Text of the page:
Pair beating cancer together
VIDALIA &045; Walking in the Miss-Lou Relay for Life is nothing new for Gordon and Nell Arnold.
After all, they got involved with the event several years ago through their daughter, relay volunteer Lisa Cater. &uot;And besides, it’s for a good cause,&uot; Gordon Arnold said.
But this year, for the first time, they will be walking with hundreds of other survivors after surviving their own bouts of cancer starting last August.
Relay for Life, the American Cancer Society’s biggest fundraiser, honors cancer survivors in several ways. One is the survivors’ reception with a free barbecue dinner, T-shirts and medallions. That reception is set for 6 p.m. today on the riverfront. The first lap of the relay, which starts at 7 p.m., will be devoted to survivors; the second, to them, supporters and caregivers.
Survivors’ names will be read during a luminary service at 9 p.m. Friday. Luminaries and places on a wall of honor can be bought in their honor, as well as in memory of those who had cancer and didn’t make it.
Relay &uot;is a celebration of them,&uot; said event Co-Chairwoman Kathy Prospere. Also it’s a chance, because participants stay up all night, &uot;to experience a little bit of what they go through &045; the treatments, staying up all night.&uot;
Actually, the Arnolds consider themselves lucky to have escaped the worst of the disease &045; and to have caught it early.
&uot;I tell everyone I know to have a PSA (prostate exam),&uot; Gordon said.
&uot;And I tell every woman I know to have a mammogram,&uot; Nell said.
Gordon traveled last summer to help his son chaperone a team to baseball playoffs in Baton Rouge when he fell ill and went to the doctor for the first time in years. While he was there, the retiree had his first prostate exam. When it came back positive for cancer, he was floored.
And when, as they were leaving for his scheduled surgery, they received the call that a lump in Nell’s breast was malignant, they were even more floored.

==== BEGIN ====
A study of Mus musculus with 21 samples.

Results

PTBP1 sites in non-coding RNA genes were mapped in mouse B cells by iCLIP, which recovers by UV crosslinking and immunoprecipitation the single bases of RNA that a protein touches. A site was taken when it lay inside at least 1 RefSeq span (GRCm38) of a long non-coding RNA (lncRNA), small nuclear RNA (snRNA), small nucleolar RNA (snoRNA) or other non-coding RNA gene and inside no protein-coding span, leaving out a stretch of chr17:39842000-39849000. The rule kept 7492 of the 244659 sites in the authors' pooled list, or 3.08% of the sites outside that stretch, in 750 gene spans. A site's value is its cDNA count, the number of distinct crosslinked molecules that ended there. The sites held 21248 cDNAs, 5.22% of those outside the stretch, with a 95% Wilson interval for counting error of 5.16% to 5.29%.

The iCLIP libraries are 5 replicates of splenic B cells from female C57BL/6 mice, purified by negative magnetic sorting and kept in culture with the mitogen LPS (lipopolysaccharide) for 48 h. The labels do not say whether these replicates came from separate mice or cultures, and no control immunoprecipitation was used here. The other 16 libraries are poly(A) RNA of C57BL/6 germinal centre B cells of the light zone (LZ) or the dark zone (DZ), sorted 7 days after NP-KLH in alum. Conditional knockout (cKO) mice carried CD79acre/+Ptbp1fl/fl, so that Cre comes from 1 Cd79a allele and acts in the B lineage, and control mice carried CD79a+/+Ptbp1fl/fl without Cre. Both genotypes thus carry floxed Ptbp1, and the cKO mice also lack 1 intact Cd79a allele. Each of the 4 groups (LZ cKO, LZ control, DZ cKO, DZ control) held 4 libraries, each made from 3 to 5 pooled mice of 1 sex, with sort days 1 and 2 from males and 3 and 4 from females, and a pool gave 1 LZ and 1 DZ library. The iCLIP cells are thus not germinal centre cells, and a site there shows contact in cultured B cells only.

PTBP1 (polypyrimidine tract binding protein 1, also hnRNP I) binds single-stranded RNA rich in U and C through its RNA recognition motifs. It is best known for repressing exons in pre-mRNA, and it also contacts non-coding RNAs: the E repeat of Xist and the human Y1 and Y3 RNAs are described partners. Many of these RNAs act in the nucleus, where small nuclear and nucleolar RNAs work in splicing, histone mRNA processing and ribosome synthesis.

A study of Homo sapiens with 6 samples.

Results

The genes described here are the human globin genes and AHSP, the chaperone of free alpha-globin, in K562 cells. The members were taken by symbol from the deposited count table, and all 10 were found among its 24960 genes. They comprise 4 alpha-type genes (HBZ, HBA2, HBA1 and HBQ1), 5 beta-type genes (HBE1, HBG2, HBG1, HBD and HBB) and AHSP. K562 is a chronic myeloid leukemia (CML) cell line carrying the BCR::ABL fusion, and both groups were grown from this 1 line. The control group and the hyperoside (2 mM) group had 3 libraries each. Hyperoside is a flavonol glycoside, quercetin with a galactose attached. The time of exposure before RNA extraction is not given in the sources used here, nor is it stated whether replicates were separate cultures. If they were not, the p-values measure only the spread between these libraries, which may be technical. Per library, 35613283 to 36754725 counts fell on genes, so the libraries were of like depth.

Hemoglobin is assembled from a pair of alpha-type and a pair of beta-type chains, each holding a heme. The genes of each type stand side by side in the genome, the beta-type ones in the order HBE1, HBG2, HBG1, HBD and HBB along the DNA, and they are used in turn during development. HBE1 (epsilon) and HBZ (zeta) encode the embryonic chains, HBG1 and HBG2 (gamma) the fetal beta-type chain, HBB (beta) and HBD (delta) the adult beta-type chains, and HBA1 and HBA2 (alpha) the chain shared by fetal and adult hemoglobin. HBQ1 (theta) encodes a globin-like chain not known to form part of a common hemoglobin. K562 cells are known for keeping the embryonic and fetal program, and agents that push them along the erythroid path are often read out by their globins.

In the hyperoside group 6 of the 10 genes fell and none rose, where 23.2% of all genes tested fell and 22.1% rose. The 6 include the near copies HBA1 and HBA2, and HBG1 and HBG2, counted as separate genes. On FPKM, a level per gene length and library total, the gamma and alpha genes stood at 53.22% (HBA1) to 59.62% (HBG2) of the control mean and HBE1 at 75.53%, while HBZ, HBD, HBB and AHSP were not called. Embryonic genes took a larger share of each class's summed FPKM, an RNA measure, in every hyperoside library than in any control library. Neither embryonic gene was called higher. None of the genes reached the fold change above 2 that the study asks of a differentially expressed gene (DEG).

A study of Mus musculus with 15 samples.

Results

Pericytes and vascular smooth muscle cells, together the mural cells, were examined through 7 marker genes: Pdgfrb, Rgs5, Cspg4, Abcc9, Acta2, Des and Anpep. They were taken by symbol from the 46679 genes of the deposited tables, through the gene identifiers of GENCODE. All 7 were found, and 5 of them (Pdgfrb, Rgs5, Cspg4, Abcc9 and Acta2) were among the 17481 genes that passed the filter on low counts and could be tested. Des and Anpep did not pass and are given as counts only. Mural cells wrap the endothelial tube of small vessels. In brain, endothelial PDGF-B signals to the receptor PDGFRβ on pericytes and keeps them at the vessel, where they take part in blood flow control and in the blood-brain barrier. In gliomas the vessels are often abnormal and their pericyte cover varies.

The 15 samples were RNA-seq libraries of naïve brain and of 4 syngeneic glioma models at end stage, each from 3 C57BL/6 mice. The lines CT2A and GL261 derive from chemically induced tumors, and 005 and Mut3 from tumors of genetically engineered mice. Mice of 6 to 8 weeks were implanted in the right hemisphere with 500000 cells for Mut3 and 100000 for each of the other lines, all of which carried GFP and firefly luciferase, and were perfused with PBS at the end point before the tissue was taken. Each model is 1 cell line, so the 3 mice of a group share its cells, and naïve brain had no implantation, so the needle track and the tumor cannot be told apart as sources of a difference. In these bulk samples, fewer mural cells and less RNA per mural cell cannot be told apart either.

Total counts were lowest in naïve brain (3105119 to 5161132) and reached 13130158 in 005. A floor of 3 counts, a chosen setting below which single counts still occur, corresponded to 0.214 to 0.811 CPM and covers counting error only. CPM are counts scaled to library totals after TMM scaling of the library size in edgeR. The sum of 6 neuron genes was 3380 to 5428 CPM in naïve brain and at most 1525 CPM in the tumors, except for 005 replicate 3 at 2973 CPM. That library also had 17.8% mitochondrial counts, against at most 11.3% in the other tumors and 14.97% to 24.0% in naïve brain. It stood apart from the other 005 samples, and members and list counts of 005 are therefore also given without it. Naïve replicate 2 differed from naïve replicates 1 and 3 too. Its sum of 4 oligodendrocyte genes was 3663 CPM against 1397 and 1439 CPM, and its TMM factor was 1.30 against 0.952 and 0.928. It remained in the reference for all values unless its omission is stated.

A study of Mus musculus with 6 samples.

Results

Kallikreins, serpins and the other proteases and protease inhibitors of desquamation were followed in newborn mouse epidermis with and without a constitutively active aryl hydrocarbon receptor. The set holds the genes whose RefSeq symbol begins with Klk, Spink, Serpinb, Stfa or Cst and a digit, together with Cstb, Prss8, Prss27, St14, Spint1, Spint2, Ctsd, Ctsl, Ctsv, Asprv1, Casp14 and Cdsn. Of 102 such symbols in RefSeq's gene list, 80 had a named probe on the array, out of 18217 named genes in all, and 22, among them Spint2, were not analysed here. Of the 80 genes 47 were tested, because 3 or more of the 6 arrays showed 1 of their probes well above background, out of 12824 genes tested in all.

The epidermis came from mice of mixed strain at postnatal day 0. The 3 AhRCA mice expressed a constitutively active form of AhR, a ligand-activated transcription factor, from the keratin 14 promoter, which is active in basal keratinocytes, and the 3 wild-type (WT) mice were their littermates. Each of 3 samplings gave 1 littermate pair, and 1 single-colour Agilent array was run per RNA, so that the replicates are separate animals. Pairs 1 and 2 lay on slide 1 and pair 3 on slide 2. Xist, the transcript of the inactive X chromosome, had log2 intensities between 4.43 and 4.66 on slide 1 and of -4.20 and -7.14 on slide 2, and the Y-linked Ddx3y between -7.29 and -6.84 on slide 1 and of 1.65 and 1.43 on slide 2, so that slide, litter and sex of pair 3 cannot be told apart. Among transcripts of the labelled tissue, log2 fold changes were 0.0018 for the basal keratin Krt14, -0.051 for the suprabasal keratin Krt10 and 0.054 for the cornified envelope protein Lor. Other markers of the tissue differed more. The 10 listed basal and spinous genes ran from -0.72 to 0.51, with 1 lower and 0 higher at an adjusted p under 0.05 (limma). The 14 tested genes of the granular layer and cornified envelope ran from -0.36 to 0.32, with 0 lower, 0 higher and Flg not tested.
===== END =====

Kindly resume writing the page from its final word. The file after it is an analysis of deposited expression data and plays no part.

After all, while several women in Nell’s family have had breast lumps removed, they have all been benign. &uot;I didn’t have any history of cancer in my family,&uot; Nell said. &uot;Neither does he.&uot;
It was that same family &045; as well as friends and her former co-workers at the Vidalia Library &045; that Nell credits with helping the couple make it through their recent battle with cancer.
And they have each other. With their being diagnosed within three weeks of each other, &uot;you know what the other person’s going through,&uot; Nell said.
But a positive attitude doesn’t hurt. In fact, they actually laughed several times about their roller coaster ride with the disease. &uot;I had my surgery and thought I was through, and I told her so,&uot; Gordon said.
After her surgery, Nell explained, she still had to have two lymph nodes removed and undergo radiation treatments in the space of two months.
&uot;Then I found out I had to take radiation five days a week until I had made 37 trips &045; I’ve got 21 to go,&uot; Gordon said, with another laugh. Radiation is not nearly as tough on the body as chemotherapy, Gordon said. &uot;In fact, I can do my treatments in Natchez and then still play later in the morning,&uot; said Gordon, who plays his bass at functions around the Miss-Lou.
The couple also jokes about their being diagnosed almost all the same time. &uot;The last time we’d even had (a major procedure) was when we were both 12, when we had our appendix out,&uot; Gordon said.
&uot;I guess you could say we do everything together,&uot; Nell said.
That includes getting and staying cancer-free, Gordon said.
&uot;I have no doubt we’ll beat this thing Š together,&uot; he said.